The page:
4 places declared disaster areas

Crosses were removed from the rubble of a church that was built to withstand winds of up to 150 miles per hour. (Joe Raedle/Getty Images)

LADY LAKE, Fla. -- Pulling blue tarpaulins over the houses that still had walls, neighbors, jail inmates, and National Guard troops began cleanup work in the rain yesterday after tornado-bearing thunderstorms ripped through central Florida, killing at least 20 people.

The victims ranged from a 92-year-old man to 17-year-old Brittany May, killed by a falling tree that crushed her bedroom.

President Bush designated four counties as disaster areas, releasing millions of dollars in aid for recovery and individual assistance.

"It makes you sick to your stomach for what we saw," David Paulison, director of the Federal Emergency Management Agency, said after touring the area yesterday morning with Governor Charlie Crist.

At least one tornado, with winds estimated at up to 200 miles per hour, hit between 3 and 4 a.m. Friday, when few people were awake to hear tornado warnings on radio and television.

The cleanup task was daunting yesterday as showers soaked roofless homes and piles of twisted aluminum siding, bricks, belongings, tree limbs, and lumber. Power lines were down and traffic signals out in many areas.

Neighbors helped Sherry Reeves, 48, sort through her belongings and patch a big hole in her roof. Reeves was amazed that her home wasn't leveled like hundreds of others in this area about 50 miles north of Orlando.

"The Good Lord slipped and missed -- or luck of the draw," she said.

The governor, handling the first natural disaster since he took office, said some stricken areas looked like "the surface of the moon." Crist canceled plans to attend the Super Bowl today in Miami to stay in central Florida.

Crist praised residents and charitable groups that helped in the cleanup. Neighboring Marion County sent a group of low-risk inmates, dressed in green-and-white striped jail clothes.

Some religious groups served food to rescue workers and victims, while about 40 National Guard members distributed blankets, food, and water.

"This is not just government. This is people helping people and doing what's right," Crist said at a news conference with Paulison, US Senators Bill Nelson and Mel Martinez, and other officials.

Paulison said his agency, criticized for inadequate response to Hurricane Katrina and other disasters, had housing trailers, water trucks, and other aid on the way. Bush's disaster declaration for Lake, Sumter, Seminole, and Volusia counties also frees up loans and other assistance to individuals.

Tate Tapscott, 38, who lives in an area called Cooter Lake, searched for neighbors after the storm and found a father and son dead, buried under debris.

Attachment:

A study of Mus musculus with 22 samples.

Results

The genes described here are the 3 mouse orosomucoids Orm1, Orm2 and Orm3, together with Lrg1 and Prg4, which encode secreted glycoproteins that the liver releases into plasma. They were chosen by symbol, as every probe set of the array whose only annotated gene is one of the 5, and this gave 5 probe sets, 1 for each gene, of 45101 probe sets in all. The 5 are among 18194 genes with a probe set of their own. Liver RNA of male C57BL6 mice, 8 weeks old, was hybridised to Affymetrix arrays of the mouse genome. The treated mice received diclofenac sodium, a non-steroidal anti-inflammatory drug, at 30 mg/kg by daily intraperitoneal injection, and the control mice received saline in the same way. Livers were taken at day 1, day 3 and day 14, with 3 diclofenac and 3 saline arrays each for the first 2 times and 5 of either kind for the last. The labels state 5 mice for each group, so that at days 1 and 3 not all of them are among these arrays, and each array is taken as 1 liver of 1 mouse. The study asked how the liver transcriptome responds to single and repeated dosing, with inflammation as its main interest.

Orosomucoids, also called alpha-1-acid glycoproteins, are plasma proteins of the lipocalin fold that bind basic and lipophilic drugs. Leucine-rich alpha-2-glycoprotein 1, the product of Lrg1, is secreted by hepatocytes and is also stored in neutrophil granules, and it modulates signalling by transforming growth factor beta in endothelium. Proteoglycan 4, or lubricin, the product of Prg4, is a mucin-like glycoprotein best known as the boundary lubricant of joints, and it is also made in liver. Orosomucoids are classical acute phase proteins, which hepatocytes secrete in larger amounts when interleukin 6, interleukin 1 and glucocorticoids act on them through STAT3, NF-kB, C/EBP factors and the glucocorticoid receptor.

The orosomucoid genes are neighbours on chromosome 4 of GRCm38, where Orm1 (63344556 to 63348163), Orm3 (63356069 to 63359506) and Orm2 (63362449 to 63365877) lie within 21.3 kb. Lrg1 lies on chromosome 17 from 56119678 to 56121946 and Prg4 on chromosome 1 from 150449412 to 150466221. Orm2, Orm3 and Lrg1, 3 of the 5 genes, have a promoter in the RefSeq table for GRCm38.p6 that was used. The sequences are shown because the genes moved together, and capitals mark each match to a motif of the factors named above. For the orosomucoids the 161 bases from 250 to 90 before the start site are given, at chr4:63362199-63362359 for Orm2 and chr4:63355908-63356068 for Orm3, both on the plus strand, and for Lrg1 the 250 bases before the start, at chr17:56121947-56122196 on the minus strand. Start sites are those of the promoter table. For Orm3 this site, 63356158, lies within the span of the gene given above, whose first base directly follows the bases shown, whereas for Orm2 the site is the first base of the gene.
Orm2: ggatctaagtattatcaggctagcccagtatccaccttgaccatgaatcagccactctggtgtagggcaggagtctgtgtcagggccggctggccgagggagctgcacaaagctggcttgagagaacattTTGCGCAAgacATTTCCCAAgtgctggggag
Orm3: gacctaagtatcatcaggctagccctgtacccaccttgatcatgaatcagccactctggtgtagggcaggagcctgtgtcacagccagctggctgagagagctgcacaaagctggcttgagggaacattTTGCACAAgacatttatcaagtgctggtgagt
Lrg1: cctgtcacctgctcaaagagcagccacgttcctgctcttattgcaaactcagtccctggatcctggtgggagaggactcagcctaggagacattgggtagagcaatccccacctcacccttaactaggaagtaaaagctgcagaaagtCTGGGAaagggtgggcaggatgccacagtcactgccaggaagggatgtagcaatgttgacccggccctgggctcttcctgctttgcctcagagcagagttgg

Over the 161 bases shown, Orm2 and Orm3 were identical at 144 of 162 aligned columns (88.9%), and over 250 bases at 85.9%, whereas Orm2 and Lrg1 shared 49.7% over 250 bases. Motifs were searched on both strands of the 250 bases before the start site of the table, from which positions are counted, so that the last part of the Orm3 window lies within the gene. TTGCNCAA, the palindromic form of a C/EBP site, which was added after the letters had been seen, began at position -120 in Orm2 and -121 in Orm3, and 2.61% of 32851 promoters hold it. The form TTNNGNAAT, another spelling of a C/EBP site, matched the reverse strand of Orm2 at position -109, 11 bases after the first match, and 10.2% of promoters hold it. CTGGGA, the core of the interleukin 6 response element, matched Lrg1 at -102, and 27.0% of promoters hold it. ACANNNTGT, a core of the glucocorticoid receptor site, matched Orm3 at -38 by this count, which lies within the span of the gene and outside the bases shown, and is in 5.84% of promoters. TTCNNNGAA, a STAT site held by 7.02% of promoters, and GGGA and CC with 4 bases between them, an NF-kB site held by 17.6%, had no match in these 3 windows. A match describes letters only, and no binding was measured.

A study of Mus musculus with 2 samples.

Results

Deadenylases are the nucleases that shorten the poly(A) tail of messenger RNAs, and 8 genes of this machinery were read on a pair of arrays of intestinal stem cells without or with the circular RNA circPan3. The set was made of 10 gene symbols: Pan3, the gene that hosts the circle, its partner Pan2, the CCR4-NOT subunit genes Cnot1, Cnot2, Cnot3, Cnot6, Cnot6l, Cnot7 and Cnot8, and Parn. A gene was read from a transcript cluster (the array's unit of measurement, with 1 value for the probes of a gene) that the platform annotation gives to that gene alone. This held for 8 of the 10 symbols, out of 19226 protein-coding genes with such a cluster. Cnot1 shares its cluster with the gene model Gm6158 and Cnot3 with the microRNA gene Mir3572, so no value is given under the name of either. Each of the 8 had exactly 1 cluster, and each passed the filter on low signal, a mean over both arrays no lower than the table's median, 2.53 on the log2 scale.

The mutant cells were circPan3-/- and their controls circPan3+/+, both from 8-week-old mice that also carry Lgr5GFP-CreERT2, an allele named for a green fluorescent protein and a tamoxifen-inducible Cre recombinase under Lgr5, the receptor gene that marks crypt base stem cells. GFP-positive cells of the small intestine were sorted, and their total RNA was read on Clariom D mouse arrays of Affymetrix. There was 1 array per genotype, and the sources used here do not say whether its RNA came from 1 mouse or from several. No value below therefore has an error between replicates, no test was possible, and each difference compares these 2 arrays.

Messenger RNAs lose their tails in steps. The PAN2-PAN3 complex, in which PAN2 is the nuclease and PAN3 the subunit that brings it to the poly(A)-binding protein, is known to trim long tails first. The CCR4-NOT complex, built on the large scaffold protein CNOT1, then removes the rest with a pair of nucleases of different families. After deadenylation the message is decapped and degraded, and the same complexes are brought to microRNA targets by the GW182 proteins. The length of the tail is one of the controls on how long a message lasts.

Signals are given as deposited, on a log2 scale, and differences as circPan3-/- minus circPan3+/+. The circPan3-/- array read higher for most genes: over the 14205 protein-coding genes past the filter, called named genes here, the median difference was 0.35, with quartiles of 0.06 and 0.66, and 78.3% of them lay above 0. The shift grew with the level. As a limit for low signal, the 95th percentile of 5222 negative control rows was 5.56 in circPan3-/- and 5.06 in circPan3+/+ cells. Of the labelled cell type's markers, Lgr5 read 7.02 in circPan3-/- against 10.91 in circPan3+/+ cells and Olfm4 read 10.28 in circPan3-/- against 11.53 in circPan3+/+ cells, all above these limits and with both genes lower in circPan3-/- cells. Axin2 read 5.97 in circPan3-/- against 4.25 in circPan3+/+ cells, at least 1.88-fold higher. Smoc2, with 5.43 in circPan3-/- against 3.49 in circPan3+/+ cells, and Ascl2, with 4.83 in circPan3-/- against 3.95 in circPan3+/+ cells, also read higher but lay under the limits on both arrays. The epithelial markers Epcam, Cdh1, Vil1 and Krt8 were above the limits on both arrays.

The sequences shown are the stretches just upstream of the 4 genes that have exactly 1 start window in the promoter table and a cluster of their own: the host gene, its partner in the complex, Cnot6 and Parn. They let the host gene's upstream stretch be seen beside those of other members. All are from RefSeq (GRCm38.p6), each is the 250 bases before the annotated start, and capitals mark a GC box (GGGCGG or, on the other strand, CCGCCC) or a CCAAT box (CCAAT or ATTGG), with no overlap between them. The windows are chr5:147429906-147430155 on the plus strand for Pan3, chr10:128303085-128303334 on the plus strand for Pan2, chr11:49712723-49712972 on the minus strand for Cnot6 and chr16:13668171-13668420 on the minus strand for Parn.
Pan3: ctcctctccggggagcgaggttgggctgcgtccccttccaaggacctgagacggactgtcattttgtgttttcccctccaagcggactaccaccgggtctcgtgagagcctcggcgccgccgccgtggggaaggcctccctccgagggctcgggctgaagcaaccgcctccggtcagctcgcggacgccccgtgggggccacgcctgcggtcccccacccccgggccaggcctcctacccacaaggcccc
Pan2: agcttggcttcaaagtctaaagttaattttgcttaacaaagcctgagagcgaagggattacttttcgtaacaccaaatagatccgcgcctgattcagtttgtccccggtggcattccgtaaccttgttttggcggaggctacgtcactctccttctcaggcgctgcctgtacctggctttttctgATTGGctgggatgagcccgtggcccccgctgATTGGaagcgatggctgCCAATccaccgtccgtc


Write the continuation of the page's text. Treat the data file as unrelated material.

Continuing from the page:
"He was still holding on to his son," Tapscott said.

Jamie Wright, a retired school bus driver, had fled South Florida a year ago to escape hurricanes, looking for a peaceful life farther north. Wright, 55, and her boyfriend, Donald Lamond, 49, were killed in their bed.

"We survived Hurricane Andrew in Homestead and it looked just like this," her son, Bryan McKiness, said as he collected mementos from the wreckage of his mother's home. "Mom said she'd had enough of hurricanes so she moved here. "

The wind picked up one tractor-trailer rig and slammed it down on top of another one. A church built to withstand a Category 4 hurricane was destroyed.

The National Weather Service sent teams to study the damage for clues to the intensity and path of the thunderstorms. Dave Sharp, a meteorologist with the weather service's office in Melbourne, said officials suspected the region was struck by more than one tornado.

The main damage occurred along a 70-mile, west-to-east path with at least one break between Lady Lake and Paisley.

In the Paisley-Lake Mack area, a twister may have reached the fourth level of a new five-point tornado intensity scale, putting its wind speed in the range of 166 to 200 miles per hour, said Bart Hegemeyer, a member of the weather service research team.

The weather service had announced that it was changing the Fujita Scale, a 35-year-old system of ranking a tornado's strength, to align wind speeds more closely with actual damage.

Under the old system, an F-5 tornado -- considered the most powerful of tornadoes -- was capable of destroying a typical frame house, with wind speeds estimated at 261 to 318 miles per hour. Under the Enhanced Fujita scale, a tornado rating a 5 has winds of more than 200 miles per hour.